Crew of B-25D - Burdette H. Baker, Pilot, continued

REDD, CHARLES HENRY, Second Lieutenant, 0-669109, USAAF

2ndLt Charles Henry Redd was the navigator on 2ndLt Baker’s B25D. Born 12 November 1918 in Omaha, Nebraska, to James Carroll Redd (1884-1972) and Minnie Margaret (Miller) Redd (1892-1984), he had two siblings in 1940: Irene (Redd) Schroder (1912-    ), Annette Butler (1929-    ).he enlisted in the USAAF on 24 February 1941 at Jefferson Barracks, Missouri (enlisted service # 17016474), while residing in Meramec, Franklin County, Missouri. He married Marian “Mary” Jane Beckman. Charles H. Redd died in St. Louis, Missouri, 6 June 1961 from lymphosarcoma (cancer of the lymph nodes) and uremia (Certificate # 61-023076).

The St. Louis Star & Times of 26 June 1942 reported that Aviation Cadet Charles H. Redd was at Ellington Field, Texas.

The St. Louis Post-Dispatch of 1 December 1943 reported that 2ndLt Redd had been awarded the Air Medal in India as the navigator-bombardier for a B-25D bomber, for completing 150 combat flying hours according to his wife, Mary Redd.

On 16 January 1944, the St. Louis Post-Dispatch and the Joplin Globe (Joplin Missouri), reported that 2ndLt Charles H Redd, navigator-bombardier, was missing in action. 2ndLt Redd was 25 years old. Before enlisting, he assisted his father in managing the Meramec State Park at Sullivan, MO. His parents lived in Grover, MO, and Mary Jane Redd, his wife, lived at 532 South Hanley Road, Clayton, MO.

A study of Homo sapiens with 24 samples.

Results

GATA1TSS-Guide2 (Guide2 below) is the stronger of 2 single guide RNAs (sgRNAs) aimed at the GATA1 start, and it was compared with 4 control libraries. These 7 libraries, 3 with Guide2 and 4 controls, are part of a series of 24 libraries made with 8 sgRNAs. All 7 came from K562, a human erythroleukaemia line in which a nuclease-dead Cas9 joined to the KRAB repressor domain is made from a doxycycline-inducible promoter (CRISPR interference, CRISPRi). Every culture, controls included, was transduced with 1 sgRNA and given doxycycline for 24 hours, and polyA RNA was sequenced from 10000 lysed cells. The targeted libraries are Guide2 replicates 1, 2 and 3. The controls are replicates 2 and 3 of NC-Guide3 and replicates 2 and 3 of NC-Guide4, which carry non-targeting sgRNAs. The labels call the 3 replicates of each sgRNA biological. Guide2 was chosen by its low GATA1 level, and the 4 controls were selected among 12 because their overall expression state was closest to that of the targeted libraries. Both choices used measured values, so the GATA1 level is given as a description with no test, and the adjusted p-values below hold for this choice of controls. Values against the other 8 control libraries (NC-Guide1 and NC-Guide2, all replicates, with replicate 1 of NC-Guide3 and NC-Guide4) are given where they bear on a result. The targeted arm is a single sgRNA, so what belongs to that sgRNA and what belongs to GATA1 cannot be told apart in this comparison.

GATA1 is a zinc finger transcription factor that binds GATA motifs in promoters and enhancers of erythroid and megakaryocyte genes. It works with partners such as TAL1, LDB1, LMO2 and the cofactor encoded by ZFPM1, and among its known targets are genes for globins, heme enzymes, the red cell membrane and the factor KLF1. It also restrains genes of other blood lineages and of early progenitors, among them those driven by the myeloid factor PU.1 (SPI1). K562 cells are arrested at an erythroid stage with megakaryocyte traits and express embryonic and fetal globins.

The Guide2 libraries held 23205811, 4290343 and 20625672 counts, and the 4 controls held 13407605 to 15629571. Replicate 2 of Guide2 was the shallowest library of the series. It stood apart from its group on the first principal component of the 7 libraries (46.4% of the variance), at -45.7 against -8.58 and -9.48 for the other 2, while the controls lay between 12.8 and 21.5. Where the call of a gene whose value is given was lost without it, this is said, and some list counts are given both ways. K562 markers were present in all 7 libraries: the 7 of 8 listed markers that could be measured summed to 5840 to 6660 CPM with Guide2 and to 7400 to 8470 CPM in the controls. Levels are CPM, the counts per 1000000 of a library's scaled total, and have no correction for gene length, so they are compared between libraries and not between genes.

The St. Louis Post-Dispatch of 6 May 1945 reported, in an article titled, “Two St. Louisans Among 73 Freed From Jap Prison Camp in Burma,” and “Lt. Charles H. Redd Reported Missing More Than Year Ago – Rice Diet, Slappings, Medical Neglect.”  The two were 2ndLt Redd and Major Wesley Werner. As to Redd, “Since Redd’s plane crashed on a Burma hillside nearly a year and a half ago, his wife, Mrs. Mary Redd, 432 So. Hanley Road, had not known whether he was alive or dead. When informed by the Post-Dispatch last night that Lt. Redd’s name was in a group of freed prisoners, she exclaimed: “Oh, my God!” Then, half laughing, half sobbing, she said: “Are you kidding? How is he? When do you think he’ll come home?” She said he was reported missing since Dec. 20, 1943, after the B-25 medium bomber on which he was navigator plunged into rough Burmese countryside following damage from Japanese antiaircraft fire near Mandalay. Three men were seen by others in the squadron parachuting from the crippled bomber, but they remained unidentified. Mrs. Redd said she never learned that her husband had become a Japanese prisoner. Lt. Redd, 26 years old, a graduate of Ben Blewett High School, was on his sixty-eighth mission when his plane crashed. He held the Air Medal. He has a 2-year old son. His parents, Mr. and Mrs. James C. Redd, live at Grover, Missouri.